In a message dated 2/7/01 11:21:02 AM EST, Chapman.Ralph@NMNH.SI.EDU writes
(quoting Jack Horner):
<< and tore into its prey with 50 serrated teeth, each 6 inches long >>
This statement is only approximately correct (paleo license, I suppose). The
tooth count for Tyrannosaurus rex was usually 4 premaxillary teeth, 12
maxillary teeth, and 13 dentary teeth, for a total of 58. Of these, the two
caudalmost maxillary and dentary teeth were short and stubby, hardly 6 inches
long, perhaps used for crushing bone rather than tearing meat away from bone.
The premaxillary teeth were also much smaller than the huge primary maxillary
and dentary teeth. Some T. rex individuals had a small first dentary tooth,
others had a large one--a distinction that Bob Bakker once asserted
distinguished two species of Tyrannosaurus. This is probably individual
variation or ontogenetic, since we know the teeth of tyrannosaurids changed
size (of course) and shape somewhat throughout the animals' growth. Finally,
at any one time there were always a couple of teeth missing from the maxillae
and dentaries and in the process of being replaced, in all tyrannosaurids. So
if we count just the big 6-inch-plus maxillary and dentary teeth, an adult T.
rex probably had no more than 40 in its jaws at any one time, and more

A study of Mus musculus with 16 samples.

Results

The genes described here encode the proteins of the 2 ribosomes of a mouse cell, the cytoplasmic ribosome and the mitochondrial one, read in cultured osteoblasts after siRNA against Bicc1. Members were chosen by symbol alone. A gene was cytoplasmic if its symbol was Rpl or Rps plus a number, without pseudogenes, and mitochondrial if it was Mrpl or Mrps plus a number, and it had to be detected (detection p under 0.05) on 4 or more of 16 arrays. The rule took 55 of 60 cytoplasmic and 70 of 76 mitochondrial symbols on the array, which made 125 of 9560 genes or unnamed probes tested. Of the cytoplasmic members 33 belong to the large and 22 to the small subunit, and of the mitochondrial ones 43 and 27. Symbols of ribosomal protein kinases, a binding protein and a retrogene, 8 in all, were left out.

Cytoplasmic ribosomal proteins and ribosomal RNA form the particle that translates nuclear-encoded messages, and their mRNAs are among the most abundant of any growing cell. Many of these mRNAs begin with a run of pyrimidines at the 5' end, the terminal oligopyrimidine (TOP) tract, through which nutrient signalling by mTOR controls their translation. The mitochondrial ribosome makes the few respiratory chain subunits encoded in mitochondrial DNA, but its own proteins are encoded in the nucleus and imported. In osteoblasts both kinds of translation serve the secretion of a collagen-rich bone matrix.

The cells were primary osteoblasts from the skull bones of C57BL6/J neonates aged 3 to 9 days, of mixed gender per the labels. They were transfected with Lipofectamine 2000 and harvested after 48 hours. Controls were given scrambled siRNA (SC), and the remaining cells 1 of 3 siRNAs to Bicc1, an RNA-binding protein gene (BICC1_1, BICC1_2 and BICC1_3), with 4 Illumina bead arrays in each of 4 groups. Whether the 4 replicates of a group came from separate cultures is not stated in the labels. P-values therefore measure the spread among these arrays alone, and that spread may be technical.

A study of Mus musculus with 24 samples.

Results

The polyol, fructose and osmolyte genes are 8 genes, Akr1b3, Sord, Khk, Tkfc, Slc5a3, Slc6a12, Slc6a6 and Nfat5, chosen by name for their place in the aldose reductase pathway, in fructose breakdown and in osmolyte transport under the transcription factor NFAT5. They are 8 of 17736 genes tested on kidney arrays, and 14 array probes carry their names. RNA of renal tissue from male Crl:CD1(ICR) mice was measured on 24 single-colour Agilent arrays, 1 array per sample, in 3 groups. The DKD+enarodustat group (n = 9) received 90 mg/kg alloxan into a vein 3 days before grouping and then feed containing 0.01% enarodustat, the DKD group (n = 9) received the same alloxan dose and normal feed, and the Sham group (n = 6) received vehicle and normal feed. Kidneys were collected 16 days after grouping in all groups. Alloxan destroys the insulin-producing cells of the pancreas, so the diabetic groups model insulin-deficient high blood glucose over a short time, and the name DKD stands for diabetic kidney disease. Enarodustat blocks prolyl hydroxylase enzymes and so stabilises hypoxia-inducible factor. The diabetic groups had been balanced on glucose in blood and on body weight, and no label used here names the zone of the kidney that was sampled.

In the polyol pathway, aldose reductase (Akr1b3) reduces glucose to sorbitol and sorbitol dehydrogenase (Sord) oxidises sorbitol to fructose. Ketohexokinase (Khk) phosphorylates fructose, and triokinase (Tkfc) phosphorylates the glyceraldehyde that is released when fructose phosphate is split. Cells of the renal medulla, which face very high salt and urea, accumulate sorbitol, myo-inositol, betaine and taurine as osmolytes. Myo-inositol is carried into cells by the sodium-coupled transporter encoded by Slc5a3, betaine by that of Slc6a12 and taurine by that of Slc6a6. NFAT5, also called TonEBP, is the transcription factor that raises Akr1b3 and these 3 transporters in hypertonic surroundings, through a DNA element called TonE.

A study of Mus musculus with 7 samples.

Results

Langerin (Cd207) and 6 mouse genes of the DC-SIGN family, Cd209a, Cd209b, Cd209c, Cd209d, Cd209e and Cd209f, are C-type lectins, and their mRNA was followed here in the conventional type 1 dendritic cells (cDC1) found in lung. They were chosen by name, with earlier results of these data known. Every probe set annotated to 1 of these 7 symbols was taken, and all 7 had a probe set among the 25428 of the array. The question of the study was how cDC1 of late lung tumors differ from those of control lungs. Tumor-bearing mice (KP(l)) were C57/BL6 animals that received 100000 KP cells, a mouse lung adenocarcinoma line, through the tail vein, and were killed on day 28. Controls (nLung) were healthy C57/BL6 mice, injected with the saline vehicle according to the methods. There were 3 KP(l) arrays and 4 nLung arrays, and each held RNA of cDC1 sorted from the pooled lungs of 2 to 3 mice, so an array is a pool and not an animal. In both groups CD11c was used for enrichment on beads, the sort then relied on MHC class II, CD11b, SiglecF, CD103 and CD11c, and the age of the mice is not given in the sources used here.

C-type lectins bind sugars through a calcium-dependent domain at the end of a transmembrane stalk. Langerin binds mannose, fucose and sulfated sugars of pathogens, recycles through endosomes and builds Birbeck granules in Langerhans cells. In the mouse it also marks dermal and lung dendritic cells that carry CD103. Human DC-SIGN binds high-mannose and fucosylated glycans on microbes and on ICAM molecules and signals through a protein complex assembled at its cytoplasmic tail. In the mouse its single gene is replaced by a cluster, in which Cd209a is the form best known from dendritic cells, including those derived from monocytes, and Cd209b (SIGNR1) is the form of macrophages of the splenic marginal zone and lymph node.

usually 36 or so.
Premaxillary tooth count seems to have been remarkably stable at four (total
eight, for two premaxillae) throughout tyrannosaurid evolution. Maxillary
tooth count also doesn't seem to have decreased by more than one or two. But
dentary tooth count decreased significantly: from a maximum as high as 17 (in
Albertosaurus sp.) down to 13 (in Tyrannosaurus rex). Fifteen is typical of
Albertosaurus libratus and also Tarbosaurus; 14 is typical of Albertosaurus
torosus. Maybe adult dentary tooth count has taxonomic/evolutionary
significance. Tooth count seems to decrease during tyrannosaurid ontogeny,
too; perhaps this is phylogenetic recapitulation. In some tyrannosaurids with
maxillary tooth count of 13 (e.g., Albertosaurus libratus), the first
maxillary tooth is transitional in form between the D-shaped-cross-section
premaxillary teeth and the more bladelike lateral maxillary teeth.